The Happiness Cure

A red light drew her attention, and she called over one of her colleagues.

“What’s going on, Cass?”

“This one is fading.  We need to intervene.”

Kushiel looked closer at the board.  “Who’s on?”

“Maal.  Which is perfect.”

“Agreed.  Get a couple of the lesser host down to his stage, and let him know what is going on.  I’ll go retrieve our patient.”

Cassiel nodded and began typing out the orders to be sent out.  Kushiel went from the control room to one of the adjacent antechambers.  The identity of their patient popped up on a screen, and he entered a few commands.  Almost immediately, the man he had summoned appeared in the chamber.

There was a question on his face as he looked at Kushiel.  “You asked to see me?  I hope it won’t take long; I was at choir.”

Kushiel smiled.  “We will get you back as soon as possible.  As you know, this place is for your benefit, a reward for your life of service and faithfulness.  As such, your happiness, as well as that of your brothers and sisters, is of paramount importance to us.”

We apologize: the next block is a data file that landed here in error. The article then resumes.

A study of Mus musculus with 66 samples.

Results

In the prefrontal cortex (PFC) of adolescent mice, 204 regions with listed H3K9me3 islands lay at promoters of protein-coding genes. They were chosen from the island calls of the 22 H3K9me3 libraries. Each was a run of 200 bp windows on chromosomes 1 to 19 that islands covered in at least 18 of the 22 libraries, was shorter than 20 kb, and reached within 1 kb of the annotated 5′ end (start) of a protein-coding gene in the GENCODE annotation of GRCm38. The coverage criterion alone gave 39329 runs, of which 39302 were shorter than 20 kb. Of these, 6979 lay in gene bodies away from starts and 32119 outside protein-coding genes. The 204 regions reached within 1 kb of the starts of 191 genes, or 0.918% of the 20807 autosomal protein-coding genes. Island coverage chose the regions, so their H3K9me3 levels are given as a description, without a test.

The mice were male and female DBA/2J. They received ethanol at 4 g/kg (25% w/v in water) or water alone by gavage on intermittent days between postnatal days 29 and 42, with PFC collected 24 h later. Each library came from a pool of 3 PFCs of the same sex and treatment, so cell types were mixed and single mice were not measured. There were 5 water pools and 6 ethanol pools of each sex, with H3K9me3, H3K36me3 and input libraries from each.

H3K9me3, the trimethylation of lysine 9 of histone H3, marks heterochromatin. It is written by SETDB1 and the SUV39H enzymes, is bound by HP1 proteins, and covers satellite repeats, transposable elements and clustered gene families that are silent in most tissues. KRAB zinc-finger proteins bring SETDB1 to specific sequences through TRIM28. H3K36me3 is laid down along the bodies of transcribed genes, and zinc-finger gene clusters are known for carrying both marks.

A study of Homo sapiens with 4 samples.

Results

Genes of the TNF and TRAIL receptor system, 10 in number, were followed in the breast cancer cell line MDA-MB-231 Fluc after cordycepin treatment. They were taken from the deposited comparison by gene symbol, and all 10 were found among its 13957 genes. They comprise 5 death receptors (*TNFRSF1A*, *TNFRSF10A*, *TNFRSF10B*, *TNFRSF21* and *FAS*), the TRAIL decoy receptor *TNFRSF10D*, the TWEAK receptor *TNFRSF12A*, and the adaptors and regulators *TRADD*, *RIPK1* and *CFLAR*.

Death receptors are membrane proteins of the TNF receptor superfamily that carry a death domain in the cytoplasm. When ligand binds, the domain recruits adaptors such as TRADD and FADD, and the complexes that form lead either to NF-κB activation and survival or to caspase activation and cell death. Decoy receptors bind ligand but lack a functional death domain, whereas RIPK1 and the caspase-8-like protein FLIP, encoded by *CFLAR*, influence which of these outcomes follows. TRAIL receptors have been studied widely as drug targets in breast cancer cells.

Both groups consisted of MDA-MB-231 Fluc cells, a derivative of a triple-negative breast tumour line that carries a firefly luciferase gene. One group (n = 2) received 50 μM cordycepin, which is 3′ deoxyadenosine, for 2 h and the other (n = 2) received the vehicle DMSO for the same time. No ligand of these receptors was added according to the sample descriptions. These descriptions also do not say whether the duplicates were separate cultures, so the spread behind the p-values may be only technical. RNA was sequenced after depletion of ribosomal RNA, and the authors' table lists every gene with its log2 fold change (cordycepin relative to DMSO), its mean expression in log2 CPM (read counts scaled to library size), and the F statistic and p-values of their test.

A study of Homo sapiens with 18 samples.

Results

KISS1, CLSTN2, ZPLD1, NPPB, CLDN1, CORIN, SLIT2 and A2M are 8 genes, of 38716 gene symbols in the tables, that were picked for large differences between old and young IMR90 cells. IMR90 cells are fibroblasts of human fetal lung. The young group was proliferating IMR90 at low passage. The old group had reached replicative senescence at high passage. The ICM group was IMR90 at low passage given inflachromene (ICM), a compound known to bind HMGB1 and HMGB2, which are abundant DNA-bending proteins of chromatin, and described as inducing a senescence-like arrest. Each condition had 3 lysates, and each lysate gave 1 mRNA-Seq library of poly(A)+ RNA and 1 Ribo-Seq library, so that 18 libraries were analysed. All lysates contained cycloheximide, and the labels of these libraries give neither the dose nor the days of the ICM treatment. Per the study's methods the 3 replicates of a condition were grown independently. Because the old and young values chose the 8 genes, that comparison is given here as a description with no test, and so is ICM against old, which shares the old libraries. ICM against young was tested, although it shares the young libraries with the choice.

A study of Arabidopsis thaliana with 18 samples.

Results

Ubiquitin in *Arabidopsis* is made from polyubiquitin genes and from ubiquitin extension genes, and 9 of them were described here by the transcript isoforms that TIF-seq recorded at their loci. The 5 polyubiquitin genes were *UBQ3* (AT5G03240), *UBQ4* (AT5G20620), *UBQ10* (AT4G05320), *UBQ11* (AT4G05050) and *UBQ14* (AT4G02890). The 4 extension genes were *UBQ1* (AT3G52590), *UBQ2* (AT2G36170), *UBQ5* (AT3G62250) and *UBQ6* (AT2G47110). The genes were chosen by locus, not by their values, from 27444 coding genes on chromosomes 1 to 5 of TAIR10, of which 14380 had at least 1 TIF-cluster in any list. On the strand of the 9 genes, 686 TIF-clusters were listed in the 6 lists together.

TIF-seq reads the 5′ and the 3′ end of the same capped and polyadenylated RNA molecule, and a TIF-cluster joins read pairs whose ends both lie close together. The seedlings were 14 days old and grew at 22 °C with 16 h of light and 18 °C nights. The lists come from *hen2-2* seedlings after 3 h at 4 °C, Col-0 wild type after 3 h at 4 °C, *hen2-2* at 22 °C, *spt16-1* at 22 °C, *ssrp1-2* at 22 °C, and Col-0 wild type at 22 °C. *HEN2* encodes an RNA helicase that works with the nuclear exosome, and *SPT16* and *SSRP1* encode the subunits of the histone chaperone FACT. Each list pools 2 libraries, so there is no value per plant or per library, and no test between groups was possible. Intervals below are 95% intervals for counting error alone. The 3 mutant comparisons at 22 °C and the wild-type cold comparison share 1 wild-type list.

The man nodded.  “Yes, I know.”

“Your happiness, however, has begun to wane.”

“I suppose it has, but singing helps.”

“Yes, but it is still below acceptable levels.  That is why I’ve asked you here.  You may recall from your life that happiness requires suffering.  Thus we find it important to occasionally remind our residents of what suffering is so that they can rejoice once more in the benevolence of Our Father.”

“You mean to torture me?”

“Goodness, no!  No, we simply show you the suffering of the damned.  We find it is very uplifting.”

“Oh.  Okay.”

“Good.  Have a seat on the couch.  Past this curtain, a screen will show you a vision of their suffering.  Would you like anything while you watch?”

“Actually, I haven’t had popcorn in forever.”

“Very well.”  A tup of popcorn appeared in front of him.  “I will leave you to your viewing.”

The curtain opened.  Two men were tied to posts as flames from the rocky ground beneath them licked their feet.  A demon, horrifying in appearance, walked into view.  His smile dripped evil as he sharpened a wicked looking blade.

Kushiel left and reentered the control room.

“How is it going?” Cassiel asked.

“Fine.  He was already engrossed.  Any effect yet?”

“Starting to tick up.  Probably won’t take long.”

“Good.”

After nearly half an hour, the red light turned yellow and then green.  Cassiel nodded to Kushiel, who went back into the antechamber.  Cass threw a few switches, and the lights in Maal’s theatre turned from red to green.

Maal immediately shed the appearance of a demon to return to his normal robes.  The two principalities stepped down off the posts.

“I’m glad that’s finally over,” one said.  The other agreed.

“You both did well.  Another soul uplifted,” Maal said.  “Please return to your other duties.”

They left, and Maalik began cleaning up the stage.